Hyperbaric Oxygen May Lengthen Telomeres And Your Life

hyperbaric chamber

A potential breakthrough may be happening in the field of anti-aging. Could pure oxygen lead to the fountain of youth?

Dr. Ed Park, author of The Telomere Miracle, explains aging and stem cells could possibly be affected by oxygen treatments.

“Every time a cell divides the telomeres have to shorten, and stem cells are the kinds of cells that have an enzyme that can re-lengthen them, making them kind of immortal. Even though they’re getting older, they’re getting older at a much slower rate than the non-stem cells,” Dr. Park said.

“What we do see is an incidental shortening of the telomeres and that reflects where they came from because their stem cells are getting older. So, if we can have something like breathing hyperbaric oxygen and it shows up in the blood cells at least, the inference, the hope is that it would show up in other cells,” he said.

A recent study out of Tel Aviv University published in the journal Aging, claims promising results using hyperbaric oxygen treatments to lengthen telomeres and reduce the accumulation of old and malfunctioning cells in the blood of test subjects. In the study, 35 healthy adults aged 64 and older received 60 daily hyperbaric oxygen treatments over three months.


Optimisits Longer Lives

New studies show that optimism is linked to living longer and those who feel younger rehabilitate from injury faster.

Health research has always been overwhelmingly focused on risk factors that may predispose people to disease and premature death. The ever-growing field of positive psychology, however, is focused on those positive attributes and behaviors which can, on their own, promote health and longevity.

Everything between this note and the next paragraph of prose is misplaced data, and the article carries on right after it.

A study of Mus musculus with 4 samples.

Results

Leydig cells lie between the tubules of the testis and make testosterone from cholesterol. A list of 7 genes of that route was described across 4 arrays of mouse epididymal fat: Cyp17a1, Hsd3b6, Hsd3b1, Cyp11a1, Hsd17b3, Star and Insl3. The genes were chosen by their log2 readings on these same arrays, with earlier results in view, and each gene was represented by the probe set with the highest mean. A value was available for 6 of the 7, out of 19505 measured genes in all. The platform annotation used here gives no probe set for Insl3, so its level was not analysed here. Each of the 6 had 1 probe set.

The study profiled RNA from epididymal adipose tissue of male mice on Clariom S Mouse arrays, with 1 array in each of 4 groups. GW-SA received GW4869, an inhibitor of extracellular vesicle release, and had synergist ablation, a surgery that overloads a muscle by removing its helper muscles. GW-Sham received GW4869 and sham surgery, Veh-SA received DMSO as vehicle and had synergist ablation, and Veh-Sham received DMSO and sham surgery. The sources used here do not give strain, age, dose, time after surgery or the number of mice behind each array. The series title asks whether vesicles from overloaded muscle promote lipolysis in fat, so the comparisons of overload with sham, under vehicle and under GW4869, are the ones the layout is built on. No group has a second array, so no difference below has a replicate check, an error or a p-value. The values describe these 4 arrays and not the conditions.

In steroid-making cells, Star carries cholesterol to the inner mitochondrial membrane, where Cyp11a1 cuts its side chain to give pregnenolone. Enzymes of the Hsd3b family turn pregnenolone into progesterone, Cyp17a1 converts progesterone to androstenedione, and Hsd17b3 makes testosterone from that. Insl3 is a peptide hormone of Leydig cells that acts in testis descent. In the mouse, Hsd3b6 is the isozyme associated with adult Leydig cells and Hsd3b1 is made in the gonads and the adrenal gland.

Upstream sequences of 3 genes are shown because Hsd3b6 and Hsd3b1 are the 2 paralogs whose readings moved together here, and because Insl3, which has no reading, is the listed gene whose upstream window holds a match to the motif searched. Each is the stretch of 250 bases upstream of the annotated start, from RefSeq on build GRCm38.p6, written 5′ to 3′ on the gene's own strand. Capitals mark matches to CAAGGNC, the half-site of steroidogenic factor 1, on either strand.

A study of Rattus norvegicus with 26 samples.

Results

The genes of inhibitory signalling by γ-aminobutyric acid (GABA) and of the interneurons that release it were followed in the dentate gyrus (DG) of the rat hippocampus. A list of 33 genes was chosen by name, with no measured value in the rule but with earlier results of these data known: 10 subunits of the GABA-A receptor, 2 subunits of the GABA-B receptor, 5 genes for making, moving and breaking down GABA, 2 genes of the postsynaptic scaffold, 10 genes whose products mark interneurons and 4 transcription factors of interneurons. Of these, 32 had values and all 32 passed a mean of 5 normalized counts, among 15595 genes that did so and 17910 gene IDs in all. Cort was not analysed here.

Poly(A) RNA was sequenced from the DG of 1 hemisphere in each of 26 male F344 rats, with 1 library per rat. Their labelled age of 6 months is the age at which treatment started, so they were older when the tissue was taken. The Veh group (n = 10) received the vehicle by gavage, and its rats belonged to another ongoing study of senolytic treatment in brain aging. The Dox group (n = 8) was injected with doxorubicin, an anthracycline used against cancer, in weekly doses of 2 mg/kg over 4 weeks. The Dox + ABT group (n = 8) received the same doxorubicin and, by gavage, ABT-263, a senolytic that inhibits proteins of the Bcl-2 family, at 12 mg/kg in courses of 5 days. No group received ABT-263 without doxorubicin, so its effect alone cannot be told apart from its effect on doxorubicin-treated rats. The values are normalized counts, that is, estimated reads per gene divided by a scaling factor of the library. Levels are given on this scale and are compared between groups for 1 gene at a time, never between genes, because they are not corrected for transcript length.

One such recent study, by the Harvard Chan School of Public Health, looked at the trait of optimism, as experienced by a group of women ages 50-79, over the course of several decades.

The study was unique in that it studied a large cohort of people across a variety of racial and ethnic groups to understand whether optimism is affected by such social structures.

At the completion of this multi-year study, findings showed that the 25% of participants who displayed the most optimism were likely to have a 5.4% longer lifespan and a 10% greater likelihood of living beyond 90 years than those who were the least optimistic.

These results were found to have no correlation with race or ethnicity, and researchers found that lifestyle factors such as regular exercise and healthy eating, accounted for less than a quarter of the optimism lifespan association.